In order to revitalise and repair the coastline of Dapeng, Shenzhen, which was severely damaged by the devastating Mangkhut typhoon in 2018, architectural company KCAP + Felixx has proposed a ‘triple dyke strategy’ , which will see a unique barrage system constructed alongside a rejuvenated public promenade that aims to combat against future natural disasters.
Situated in a green peninsula in the bay between Hong Kong and Shenzhen, the coastline infrastructure of Dapeng suffered extensive damage from the Mangkhut Typhoon, which was labelled as the worst natural disaster of 2018. An international competition was promptly launched following the typhoon to “develop a plan to restore the coastline and raise protection standards against the more frequent occurrence of extreme weather events”.
The concept of the winning architectural firm, KCAP + Felixx, is divided into six strategic projects along the 32 kilometres of coastline that aim to create a resilient framework for social and economic growth.
The project proposes the ’triple dike strategy’, a multifaceted fortified structure that enables “An integrated approach towards the climate adaptive reorganisation of the shore”. The system “moves away from a generic protection wall along the coast, towards the creation of three development zones”.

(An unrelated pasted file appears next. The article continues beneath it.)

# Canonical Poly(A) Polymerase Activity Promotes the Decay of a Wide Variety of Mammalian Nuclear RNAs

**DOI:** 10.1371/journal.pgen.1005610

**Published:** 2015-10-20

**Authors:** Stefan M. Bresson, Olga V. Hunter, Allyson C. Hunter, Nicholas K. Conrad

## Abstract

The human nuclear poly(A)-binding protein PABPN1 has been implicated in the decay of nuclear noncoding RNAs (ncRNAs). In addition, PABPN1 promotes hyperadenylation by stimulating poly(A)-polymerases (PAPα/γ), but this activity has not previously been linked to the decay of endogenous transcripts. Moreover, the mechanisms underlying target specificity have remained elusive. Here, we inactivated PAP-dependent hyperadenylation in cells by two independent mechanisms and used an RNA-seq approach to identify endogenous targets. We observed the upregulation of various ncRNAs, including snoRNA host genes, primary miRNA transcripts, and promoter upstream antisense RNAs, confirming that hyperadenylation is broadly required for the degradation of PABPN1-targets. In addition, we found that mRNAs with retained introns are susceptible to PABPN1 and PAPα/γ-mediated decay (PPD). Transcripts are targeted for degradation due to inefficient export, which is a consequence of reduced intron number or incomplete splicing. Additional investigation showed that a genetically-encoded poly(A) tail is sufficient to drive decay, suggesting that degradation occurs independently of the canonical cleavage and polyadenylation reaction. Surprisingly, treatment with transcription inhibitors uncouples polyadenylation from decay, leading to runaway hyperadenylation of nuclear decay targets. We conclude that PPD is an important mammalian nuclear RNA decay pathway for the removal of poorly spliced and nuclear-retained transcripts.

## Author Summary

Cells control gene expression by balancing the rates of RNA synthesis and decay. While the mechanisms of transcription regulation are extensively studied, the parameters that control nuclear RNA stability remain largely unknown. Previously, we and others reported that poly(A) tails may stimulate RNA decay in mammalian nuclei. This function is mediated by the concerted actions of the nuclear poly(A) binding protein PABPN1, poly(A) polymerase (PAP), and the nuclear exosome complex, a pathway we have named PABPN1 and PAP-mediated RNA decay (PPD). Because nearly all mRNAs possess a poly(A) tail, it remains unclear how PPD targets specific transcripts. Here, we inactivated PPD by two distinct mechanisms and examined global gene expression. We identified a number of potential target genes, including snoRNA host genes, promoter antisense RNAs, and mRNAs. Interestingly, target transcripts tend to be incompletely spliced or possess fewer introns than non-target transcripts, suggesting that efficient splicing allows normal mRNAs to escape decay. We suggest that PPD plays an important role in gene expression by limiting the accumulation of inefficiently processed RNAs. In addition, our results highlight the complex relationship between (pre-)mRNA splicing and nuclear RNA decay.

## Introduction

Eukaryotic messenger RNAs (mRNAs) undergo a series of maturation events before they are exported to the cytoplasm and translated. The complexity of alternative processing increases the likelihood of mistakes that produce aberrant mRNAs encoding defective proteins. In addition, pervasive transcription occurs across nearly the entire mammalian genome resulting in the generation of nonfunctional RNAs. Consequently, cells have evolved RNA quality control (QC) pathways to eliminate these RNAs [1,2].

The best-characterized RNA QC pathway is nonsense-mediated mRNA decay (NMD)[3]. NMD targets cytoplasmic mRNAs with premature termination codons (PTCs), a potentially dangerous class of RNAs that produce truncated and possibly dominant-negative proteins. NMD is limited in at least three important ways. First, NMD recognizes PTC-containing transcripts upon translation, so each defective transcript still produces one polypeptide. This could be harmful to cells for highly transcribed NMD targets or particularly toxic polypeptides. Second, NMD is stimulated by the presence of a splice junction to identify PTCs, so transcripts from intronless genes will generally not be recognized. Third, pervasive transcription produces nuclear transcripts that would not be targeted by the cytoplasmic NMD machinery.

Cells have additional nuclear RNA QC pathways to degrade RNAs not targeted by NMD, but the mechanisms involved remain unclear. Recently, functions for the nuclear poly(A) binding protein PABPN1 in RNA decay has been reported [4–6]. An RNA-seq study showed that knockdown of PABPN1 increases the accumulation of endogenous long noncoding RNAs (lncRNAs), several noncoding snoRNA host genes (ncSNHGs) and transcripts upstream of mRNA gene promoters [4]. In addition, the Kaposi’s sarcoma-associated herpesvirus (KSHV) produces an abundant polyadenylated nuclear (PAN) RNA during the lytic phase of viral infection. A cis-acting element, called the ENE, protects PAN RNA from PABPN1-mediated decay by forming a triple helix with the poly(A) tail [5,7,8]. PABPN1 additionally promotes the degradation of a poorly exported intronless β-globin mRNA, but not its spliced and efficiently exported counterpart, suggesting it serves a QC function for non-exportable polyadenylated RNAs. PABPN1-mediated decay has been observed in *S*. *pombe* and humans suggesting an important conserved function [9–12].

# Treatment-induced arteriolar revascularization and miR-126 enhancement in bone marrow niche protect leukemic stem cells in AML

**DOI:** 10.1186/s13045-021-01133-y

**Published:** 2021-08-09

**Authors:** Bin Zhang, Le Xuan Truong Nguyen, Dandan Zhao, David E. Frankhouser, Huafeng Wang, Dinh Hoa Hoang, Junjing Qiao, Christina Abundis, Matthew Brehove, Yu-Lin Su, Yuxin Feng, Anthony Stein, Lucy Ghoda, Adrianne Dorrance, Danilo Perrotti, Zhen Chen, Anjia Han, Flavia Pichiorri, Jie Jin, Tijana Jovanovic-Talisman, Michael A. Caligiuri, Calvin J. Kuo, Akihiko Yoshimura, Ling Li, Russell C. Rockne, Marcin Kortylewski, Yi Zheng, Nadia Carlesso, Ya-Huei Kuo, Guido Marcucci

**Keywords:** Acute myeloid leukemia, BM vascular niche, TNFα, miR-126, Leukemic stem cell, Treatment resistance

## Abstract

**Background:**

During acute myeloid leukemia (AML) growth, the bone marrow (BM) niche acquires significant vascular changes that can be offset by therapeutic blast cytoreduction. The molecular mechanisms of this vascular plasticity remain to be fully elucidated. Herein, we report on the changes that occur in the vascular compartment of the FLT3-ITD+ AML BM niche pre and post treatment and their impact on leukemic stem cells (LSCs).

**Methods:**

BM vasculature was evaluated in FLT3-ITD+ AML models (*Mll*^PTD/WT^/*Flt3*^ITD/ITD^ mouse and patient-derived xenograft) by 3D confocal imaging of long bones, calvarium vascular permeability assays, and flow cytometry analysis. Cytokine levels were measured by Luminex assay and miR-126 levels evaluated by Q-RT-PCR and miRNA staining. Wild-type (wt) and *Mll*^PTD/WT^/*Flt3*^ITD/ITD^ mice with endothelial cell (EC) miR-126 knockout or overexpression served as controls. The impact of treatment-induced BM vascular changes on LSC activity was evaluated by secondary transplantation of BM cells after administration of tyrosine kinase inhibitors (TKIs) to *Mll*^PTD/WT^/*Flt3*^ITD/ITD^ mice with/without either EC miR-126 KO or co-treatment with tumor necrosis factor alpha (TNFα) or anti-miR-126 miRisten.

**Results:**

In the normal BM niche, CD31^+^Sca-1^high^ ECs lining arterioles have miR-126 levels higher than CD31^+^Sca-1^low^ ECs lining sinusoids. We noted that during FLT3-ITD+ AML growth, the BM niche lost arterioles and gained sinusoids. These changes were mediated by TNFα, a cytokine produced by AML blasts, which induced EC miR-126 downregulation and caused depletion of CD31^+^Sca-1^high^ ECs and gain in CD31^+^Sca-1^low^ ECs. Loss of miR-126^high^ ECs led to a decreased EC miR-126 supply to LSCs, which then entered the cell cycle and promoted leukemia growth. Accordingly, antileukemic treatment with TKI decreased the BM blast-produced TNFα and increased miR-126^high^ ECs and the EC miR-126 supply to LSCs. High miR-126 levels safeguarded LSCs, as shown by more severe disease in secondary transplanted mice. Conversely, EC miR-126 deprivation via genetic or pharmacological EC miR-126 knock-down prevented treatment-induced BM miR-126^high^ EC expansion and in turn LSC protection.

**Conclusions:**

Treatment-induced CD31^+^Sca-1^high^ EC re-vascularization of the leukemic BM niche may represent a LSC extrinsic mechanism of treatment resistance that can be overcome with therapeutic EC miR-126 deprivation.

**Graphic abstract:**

Each dyke will have a different purpose that responds to the specific needs of the future.
The first dyke will work to decrease waves, reduce erosion and upgrade the process of sedimentation. The second dyke is embedded in a multifunctional wall that includes a park, an elevated waterfront with urban promenades and a public building that aims to revitalise the coastline for the community. This embankment will “stop the storm surge and the water [that is] pushed up by the waves”. The final dyke will absorb and manage the rainwater in order to keep the area as flood-free as possible.
The system will not only rejuvenate the area and provide a place for the community to enjoy the ocean again but will also protect the villages along the coastline, as the strategy aims to “enhance the existing qualities [of the area] while unlocking potentials for growth”. The proposal will see construction focused on fostering connectivity from the coast in order to reduce the impact on infrastructure for the area.
The project aims to begin construction in early 2020 and is expected to be completed in 2021.